Tarps can be lighter and even stronger than tents. But, they can also be a pain to setup, expose you to the cold, damp ground and don’t protect you from bugs. With its new ultralight bicycle camping (or anything) series, Nemo has fixed all those problems. Here’s how.
Weighing just 1lbs, 5oz and providing enough space to sleep three people in comfort, you can understand the appeal of tarp shelters. They’re also easy to adapt to any weather condition, buttoning down low and tight to the ground in high winds or high and airy on warm nights.
They’re also versatile. The Apollo is lighter than a 1P tent, but if you’re traveling or sleeping alone, it gives you room to bring your mountain bike or dog(s) inside with you. Along with your pack and other gear. And if that gear, bike or dog is wet and muddy, there’s no floor for it to get dirty.
To the best of my knowledge, this is the first sleeping bag with a waterproof bathtub floor built in. That means you can put it directly on wet, cold ground and nothing will absorb or soak up water while that floor also protects the sleeping pad from punctures.
You slide that pad into the integrated sleeve above that waterproof floor, keeping the pad dry too.
The rectangular shape facilitates extra comfort, while the hoodless design and 700-fill down and lack of under-body insulation (the pad handles that) keep weight down to a very reasonable 2lbs, 2oz; not bad considering that waterproof floor. Complementing its all-weather ability, it’s filled with DownTek waterproof down. The same stuff we tested by jumping in a frozen lake. The bag is comfort rated to 30 degrees (F).
Compared to our comparison test-winning Nemo Astro Lite, the firm’s new Tensor range ditches the Primaloft insulation for lighter metalized film insulation. The lateral baffles also give way to a new quilted pattern, which Nemo says, “…create a more stable sleep surface, better for rolling side-to-side…”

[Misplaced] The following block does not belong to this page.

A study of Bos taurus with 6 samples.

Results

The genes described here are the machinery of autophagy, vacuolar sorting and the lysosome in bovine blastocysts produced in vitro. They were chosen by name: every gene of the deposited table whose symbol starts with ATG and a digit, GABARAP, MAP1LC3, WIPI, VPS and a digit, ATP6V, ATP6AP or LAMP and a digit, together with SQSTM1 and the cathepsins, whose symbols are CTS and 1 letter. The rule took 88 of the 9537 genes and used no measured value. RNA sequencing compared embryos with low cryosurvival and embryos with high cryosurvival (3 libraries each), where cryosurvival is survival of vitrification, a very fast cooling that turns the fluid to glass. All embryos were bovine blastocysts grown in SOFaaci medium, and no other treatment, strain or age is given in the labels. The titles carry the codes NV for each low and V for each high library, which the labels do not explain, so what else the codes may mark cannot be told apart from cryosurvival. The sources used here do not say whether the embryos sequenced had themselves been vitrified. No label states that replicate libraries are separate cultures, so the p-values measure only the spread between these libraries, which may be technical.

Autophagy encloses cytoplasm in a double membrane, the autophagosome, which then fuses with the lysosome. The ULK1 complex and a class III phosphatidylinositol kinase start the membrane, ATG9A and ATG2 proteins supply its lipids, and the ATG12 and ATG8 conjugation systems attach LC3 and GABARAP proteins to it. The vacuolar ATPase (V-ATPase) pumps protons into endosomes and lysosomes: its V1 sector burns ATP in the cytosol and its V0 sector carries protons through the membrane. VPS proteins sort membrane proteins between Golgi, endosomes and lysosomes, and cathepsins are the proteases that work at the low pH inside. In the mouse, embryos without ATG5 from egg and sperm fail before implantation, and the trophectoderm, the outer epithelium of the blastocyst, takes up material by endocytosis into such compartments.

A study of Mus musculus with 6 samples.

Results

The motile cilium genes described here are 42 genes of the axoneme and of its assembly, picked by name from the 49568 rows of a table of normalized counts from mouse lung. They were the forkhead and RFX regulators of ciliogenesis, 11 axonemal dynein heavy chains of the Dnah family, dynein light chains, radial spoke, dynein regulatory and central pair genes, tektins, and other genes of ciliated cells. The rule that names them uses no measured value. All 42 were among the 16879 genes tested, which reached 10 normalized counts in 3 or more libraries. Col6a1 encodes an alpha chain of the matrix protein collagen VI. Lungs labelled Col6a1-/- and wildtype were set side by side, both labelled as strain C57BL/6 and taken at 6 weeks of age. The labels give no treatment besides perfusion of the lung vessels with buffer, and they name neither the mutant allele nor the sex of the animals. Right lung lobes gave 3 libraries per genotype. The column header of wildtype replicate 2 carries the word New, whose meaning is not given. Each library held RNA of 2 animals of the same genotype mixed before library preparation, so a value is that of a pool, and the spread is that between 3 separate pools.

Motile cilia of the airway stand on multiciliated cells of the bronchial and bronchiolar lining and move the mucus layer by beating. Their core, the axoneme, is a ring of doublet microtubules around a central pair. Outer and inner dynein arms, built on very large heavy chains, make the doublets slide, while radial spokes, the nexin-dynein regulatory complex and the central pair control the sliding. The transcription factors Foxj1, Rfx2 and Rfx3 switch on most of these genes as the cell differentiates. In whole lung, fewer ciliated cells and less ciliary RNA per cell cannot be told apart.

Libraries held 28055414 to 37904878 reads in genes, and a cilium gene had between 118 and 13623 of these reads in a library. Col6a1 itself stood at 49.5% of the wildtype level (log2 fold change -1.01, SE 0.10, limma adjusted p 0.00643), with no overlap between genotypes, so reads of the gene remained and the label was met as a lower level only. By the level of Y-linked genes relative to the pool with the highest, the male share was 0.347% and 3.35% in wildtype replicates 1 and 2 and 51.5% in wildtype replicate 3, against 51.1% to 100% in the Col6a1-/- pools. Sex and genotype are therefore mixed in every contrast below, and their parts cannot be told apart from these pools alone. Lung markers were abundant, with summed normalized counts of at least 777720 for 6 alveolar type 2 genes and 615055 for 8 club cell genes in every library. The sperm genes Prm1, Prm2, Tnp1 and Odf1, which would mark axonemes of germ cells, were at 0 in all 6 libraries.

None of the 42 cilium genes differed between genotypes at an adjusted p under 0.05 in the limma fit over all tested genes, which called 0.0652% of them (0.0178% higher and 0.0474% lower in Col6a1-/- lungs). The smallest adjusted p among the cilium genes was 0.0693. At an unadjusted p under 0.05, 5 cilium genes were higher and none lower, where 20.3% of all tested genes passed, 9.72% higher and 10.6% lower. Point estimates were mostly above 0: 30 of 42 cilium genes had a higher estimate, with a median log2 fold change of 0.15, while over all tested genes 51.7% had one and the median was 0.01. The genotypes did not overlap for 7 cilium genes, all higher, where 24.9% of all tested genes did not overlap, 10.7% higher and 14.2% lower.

The main benefit though is weight. The standard 72x20” Tensor 20R weighs just 350g; 190 grams lighter than the Astro Lite. It also packs down to a smaller 8x3” roll.
At a ridiculously light 204 grams, the Escape Pod Bivy is designed to keep bugs off while you sleep. An “air rib” give the bug bivy structure, while packing smaller and more robustly than a pole. A big part of that weight saving is also due to the 2/3 length, which provided bug protection over your head, face and potentially exposed upper body as you stick it out of the bag on warm nights; a drawstring keeps mosquitos, gnats and similar from getting between your sleeping bag and the mesh.
All-together, this is a 4.6lbs package that packs both tiny and flexibly, allowing you to cram and stuff everything into the oddly shaped panniers of a bicycle or a very small backpack. It’s not the lightest sleep system out there, but it gives you the ability to pick and choose different items as seasons and conditions change while also providing excellent weather protection. The tarp, pad and sleeping bag, for instance, would be great for a fall trip through the mountains, post-mosquito season. While just the bag, pad and bivy would be perfect for hot summer nights. Travel in a group, share the tarp and you’ll save even more weight.
This obviously isn’t the same, simple one-stop solution a tent is, but I think its modular (and available separately) ability to adapt to varying conditions is unrivaled.
All are part of Nemo’s 2016 product range; price and availability will be announced later this year.